Dwight D. Eisenhower, president of the United States from 1953 to 1961, had a busy presidency, and the Onion Futures Act was one of several key bills he signed into law that were part of his agenda. Two years prior to that bill, he promoted and signed a bill to create the Interstate Highway System, which laid the foundation for the most important highways and roads in the United States.
He also signed the National Defense Education Act in 1958, which infused large amounts of funding into the educational system with a focus on strengthening national defense. A year earlier, Eisenhower also signed the Civil Rights Act of 1957, which intended to support and enforce the 1954 Supreme Court ruling that officially banned segregation in schools.
President Ford Sponsored the Onion Act
The congressional hearings involving Kosuga and his partner drew the attention of Gerald Ford, then a congressman from Michigan. If the name sounds familiar it's because two decades later, Ford would rise to fame as Richard Nixon’s vice president in 1973, ultimately becoming president after Nixon resigned the following year.
Ford would keep the position until losing reelection to Jimmy Carter in 1977. Ford sponsored the bill that became known as the Onion Futures Act, which would forever enshrine Kosuga into the history books and make onions the only trading commodity to be banned in the United States to this day.
President Eisenhower Turned the Onion Act Into a Law
On August 28th, 1958, President Dwight D. Eisenhower signed the Onions Futures Act, and it officially became law. What had begun as an idea to play the commodities market in Chicago by Vincent Kosuga had spiraled in such a way that it prompted Congress to officially make a law to prevent what he and Sam Siegel had done and gotten away with. After all, their market manipulations were not illegal when they committed them.
In 1961, after the Chicago Mercantile Exchange failed to successfully challenge the law in federal court, it drew its attention to coming up with a new commodity to trade in the futures market: pork-belly futures. That’s right — Vincent Kosuga inadvertently set the course for the trading of frozen pork bellies.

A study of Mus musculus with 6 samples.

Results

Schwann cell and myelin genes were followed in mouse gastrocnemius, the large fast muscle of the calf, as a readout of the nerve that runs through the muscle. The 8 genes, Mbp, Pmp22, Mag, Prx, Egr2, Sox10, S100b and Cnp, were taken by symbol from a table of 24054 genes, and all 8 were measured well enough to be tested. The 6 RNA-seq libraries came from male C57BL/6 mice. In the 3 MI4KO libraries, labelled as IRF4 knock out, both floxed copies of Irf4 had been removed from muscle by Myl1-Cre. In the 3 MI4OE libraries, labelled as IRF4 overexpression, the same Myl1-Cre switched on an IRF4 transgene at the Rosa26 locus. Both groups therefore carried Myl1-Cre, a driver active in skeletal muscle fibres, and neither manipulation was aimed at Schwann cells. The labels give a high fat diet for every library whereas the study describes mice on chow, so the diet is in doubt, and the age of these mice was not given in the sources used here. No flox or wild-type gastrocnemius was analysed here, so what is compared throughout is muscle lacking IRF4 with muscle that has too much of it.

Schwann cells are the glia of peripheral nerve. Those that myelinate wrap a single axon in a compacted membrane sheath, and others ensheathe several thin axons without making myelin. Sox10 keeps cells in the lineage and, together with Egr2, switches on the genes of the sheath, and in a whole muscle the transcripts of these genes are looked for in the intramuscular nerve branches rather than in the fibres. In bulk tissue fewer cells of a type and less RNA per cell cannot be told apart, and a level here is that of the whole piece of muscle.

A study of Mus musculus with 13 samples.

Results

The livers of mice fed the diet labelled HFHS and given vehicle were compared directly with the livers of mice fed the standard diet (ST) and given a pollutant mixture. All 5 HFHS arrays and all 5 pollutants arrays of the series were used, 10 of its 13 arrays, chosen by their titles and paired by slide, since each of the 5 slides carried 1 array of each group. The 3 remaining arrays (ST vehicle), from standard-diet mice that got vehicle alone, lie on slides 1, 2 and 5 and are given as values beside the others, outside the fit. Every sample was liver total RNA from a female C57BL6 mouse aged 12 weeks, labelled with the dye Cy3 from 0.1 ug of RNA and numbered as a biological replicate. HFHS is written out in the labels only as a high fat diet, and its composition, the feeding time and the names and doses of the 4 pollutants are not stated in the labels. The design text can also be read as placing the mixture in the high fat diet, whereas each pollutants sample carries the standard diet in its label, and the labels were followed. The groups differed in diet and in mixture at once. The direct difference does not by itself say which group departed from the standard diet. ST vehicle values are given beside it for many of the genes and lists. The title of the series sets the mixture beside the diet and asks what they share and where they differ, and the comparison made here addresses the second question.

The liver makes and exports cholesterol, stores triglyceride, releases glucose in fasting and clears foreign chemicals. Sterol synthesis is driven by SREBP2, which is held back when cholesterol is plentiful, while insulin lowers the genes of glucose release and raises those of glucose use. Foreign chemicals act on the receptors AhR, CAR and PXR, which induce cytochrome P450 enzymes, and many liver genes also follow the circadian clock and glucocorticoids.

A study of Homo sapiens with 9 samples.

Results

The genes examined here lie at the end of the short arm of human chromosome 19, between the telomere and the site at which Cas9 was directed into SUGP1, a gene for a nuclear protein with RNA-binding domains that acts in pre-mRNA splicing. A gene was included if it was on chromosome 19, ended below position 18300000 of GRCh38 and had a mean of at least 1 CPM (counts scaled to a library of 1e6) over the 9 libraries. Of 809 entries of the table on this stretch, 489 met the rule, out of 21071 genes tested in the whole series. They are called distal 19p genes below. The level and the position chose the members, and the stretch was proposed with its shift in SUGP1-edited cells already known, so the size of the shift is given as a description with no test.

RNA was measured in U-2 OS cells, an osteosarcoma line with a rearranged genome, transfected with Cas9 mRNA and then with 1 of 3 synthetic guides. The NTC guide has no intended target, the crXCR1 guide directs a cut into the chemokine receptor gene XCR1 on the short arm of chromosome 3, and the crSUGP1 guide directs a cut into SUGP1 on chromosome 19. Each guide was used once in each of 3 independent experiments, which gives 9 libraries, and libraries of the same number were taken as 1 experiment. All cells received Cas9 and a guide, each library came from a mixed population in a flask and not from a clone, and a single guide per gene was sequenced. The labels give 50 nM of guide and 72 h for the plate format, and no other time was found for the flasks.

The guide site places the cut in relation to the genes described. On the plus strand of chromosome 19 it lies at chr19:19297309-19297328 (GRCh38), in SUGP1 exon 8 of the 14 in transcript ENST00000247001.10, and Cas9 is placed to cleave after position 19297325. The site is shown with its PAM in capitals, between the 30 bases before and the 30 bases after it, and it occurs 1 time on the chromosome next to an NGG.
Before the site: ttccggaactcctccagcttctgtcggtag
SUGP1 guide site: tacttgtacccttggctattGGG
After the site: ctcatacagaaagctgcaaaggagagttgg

Kosuga and His Partner Were Banned From Trading
The bill titled “The Onion Futures Act,” as put forward by Gerald Ford, dictated that all onion futures traded in the future would have to be sorted out in cash as opposed to actual physical onions. It also proposed that the government should have the right to set limits on the quantity of onion futures that could be traded.
Unsurprisingly, the Chicago Mercantile Exchange opposed both measures and opposed the bill in general. In the end, trading onions as a commodity was banned. For Kosuga and Siegel, the consequences they faced seem, in retrospect, to have been minor: their registrations as brokers were revoked, and they were banned from trading for ten months.
Most Traders Didn’t Like the New Law
Despite the damage that Kosuga and Siegel’s actions caused, the Onions Futures Act was not generally popular among traders. E.B. Harris, a prominent voice because of his position as president of the Chicago Mercantile Exchange, went hard against the bill and was quoted as saying “We submit that burning down the barn to find a suspected rat is a pretty drastic remedy.”
The fight against the bill continued after its passing in 1958, as the Chicago Mercantile Exchange filed a lawsuit in federal court to have it struck down on the basis that it restricted trade in an unfair and unnecessary manner. That lawsuit proved to be unsuccessful, at which point the CME decided to drop the fight instead of taking it to the Supreme Court.